1. #1
    hermanpineda is offline Newbie

    which comparatives can be used with either -er or more?

    thanks.

    Herman

  2. #2
    wise owl is offline Junior Member

    Adjectives that are shorter than 3 syllables, are normally used with "er".
    For example:
    big - bigger
    short - shorter

    Adjectives that are longer than 3 syllables, are normally used with "more".
    For example:
    difficult - more difficult
    comprehensible - more comprehensible

    However, there may be exceptions with the short adjectives, which are sometimes used with "more" and not "er". I can't think of an example at the moment.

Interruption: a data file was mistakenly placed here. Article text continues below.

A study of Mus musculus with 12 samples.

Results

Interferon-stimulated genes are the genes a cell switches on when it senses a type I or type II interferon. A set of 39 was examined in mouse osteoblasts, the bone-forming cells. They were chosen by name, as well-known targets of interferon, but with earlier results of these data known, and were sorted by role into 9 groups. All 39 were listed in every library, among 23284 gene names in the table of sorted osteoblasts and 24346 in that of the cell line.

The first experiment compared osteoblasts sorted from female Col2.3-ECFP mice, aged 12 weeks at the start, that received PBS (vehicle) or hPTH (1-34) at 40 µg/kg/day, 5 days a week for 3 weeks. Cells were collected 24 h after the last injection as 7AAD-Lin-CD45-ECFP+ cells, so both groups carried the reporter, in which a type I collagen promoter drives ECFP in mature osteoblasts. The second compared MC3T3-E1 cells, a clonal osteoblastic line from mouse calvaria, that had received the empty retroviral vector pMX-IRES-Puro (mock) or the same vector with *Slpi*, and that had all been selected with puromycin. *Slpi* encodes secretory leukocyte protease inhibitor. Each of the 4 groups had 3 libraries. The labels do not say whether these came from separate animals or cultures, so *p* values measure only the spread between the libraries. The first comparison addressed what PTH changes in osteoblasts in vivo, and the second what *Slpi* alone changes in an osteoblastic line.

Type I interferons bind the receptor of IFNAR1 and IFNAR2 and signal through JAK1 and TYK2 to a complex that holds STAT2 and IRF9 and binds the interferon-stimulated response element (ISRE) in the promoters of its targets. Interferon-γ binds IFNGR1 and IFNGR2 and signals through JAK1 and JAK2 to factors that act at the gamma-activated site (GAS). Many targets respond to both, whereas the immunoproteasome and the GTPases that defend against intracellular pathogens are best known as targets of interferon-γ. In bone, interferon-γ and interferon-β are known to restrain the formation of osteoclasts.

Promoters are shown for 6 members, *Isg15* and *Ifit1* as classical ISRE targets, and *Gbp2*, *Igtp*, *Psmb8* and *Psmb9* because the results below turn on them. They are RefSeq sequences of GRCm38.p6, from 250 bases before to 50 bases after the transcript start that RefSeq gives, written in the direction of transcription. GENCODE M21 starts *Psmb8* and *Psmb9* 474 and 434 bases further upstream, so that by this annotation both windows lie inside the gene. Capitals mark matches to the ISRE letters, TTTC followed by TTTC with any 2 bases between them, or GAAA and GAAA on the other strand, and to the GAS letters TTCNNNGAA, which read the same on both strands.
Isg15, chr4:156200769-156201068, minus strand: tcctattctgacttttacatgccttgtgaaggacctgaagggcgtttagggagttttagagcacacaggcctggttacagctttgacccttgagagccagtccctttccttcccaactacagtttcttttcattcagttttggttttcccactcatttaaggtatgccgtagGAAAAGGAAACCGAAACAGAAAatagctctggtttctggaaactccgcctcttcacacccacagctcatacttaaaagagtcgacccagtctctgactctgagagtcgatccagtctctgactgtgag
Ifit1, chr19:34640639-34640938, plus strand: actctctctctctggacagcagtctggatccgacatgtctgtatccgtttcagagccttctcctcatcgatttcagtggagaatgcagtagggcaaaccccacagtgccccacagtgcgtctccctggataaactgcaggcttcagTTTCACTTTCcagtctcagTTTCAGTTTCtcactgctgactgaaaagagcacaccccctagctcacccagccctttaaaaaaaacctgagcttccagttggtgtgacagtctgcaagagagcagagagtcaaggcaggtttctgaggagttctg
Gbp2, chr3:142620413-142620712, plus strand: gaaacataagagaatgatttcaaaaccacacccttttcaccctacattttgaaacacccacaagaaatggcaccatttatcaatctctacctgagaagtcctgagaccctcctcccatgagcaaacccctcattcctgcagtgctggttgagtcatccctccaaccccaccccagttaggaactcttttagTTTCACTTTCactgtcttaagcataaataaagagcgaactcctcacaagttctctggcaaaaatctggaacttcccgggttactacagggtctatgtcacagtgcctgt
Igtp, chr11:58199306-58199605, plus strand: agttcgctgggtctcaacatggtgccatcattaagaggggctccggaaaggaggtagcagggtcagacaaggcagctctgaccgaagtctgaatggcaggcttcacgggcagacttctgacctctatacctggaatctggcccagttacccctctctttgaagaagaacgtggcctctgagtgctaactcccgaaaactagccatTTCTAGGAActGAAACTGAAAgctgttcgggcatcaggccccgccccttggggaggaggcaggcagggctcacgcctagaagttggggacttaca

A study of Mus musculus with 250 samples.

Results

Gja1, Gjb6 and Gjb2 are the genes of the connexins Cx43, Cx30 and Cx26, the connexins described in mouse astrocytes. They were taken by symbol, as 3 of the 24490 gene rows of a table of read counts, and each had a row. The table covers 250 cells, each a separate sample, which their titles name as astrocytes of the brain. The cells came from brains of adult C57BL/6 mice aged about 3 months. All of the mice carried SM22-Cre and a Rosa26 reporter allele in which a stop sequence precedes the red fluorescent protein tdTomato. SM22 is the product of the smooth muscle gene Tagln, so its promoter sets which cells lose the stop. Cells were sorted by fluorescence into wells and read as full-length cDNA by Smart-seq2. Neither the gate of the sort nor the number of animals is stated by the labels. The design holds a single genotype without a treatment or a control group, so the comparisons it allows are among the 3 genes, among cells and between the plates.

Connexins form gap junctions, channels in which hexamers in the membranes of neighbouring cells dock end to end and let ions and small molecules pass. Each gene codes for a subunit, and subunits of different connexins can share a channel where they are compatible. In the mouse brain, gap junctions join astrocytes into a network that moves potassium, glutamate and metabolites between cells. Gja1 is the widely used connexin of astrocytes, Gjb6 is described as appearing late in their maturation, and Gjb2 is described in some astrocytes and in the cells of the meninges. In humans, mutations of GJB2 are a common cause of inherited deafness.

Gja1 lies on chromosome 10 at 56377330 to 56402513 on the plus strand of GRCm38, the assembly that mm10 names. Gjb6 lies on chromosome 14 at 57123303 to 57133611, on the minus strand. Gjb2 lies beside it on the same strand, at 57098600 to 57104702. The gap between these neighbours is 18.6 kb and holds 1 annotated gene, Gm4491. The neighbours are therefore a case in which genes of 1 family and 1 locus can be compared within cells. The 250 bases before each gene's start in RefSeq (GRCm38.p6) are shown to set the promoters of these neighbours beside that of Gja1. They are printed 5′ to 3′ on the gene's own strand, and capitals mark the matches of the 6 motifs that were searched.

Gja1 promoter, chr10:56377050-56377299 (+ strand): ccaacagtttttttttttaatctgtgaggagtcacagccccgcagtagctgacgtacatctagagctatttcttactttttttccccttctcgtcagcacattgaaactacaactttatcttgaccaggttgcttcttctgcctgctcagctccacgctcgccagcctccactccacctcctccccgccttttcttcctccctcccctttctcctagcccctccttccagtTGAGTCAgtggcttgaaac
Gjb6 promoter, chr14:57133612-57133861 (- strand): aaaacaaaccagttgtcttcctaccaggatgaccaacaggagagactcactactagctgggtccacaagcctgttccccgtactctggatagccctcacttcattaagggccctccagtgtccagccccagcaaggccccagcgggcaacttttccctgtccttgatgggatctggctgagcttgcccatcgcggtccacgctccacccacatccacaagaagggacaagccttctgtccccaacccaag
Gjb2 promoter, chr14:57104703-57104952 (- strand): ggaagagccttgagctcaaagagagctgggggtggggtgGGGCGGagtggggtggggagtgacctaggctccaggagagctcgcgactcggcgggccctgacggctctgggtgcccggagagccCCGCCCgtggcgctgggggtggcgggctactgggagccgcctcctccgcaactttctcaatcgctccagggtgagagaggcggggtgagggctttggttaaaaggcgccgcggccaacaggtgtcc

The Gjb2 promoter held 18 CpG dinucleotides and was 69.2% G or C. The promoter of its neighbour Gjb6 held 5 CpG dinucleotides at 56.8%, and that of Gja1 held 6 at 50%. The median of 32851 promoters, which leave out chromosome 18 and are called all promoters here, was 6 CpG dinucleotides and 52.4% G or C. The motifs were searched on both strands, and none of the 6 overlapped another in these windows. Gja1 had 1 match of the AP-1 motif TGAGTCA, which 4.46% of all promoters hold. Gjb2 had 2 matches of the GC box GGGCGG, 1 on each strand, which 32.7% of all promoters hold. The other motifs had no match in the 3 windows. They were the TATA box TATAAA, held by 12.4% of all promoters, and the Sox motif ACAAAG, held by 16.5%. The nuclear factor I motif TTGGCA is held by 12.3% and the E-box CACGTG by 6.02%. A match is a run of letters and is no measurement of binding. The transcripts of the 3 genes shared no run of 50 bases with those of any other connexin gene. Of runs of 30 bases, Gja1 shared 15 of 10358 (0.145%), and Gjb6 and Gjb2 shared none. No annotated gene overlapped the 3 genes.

Also, there are exceptions such as "good - better - the best"; "bad - worse - the worst"

  3. #3
    csheywood's Avatar
    csheywood is offline Member

    Quote Originally Posted by hermanpineda View Post
    which comparatives can be used with either -er or more?
    Hello
    Very few. Usually only the 2-syllable adjectives which end in 'y' are given 'er', not all 2-syllable adjectives, eg careful= more careful. The rules tell us that it is generally either 'er' or 'more' and this is the easiest way to learn. Exceptions can be frustrating!

    However there is confusion with the adverbs that are 2-syllables and end in 'y'. In theory, there is no reason why we shouldn't use 'er' after 'quickly, slowly, brightly'. Sometimes I do', but sometimes I use 'more slowly'.

    In addition, 'quickly' is an example of an adverb, which can be used in the comparative, but 'hardly' isn't.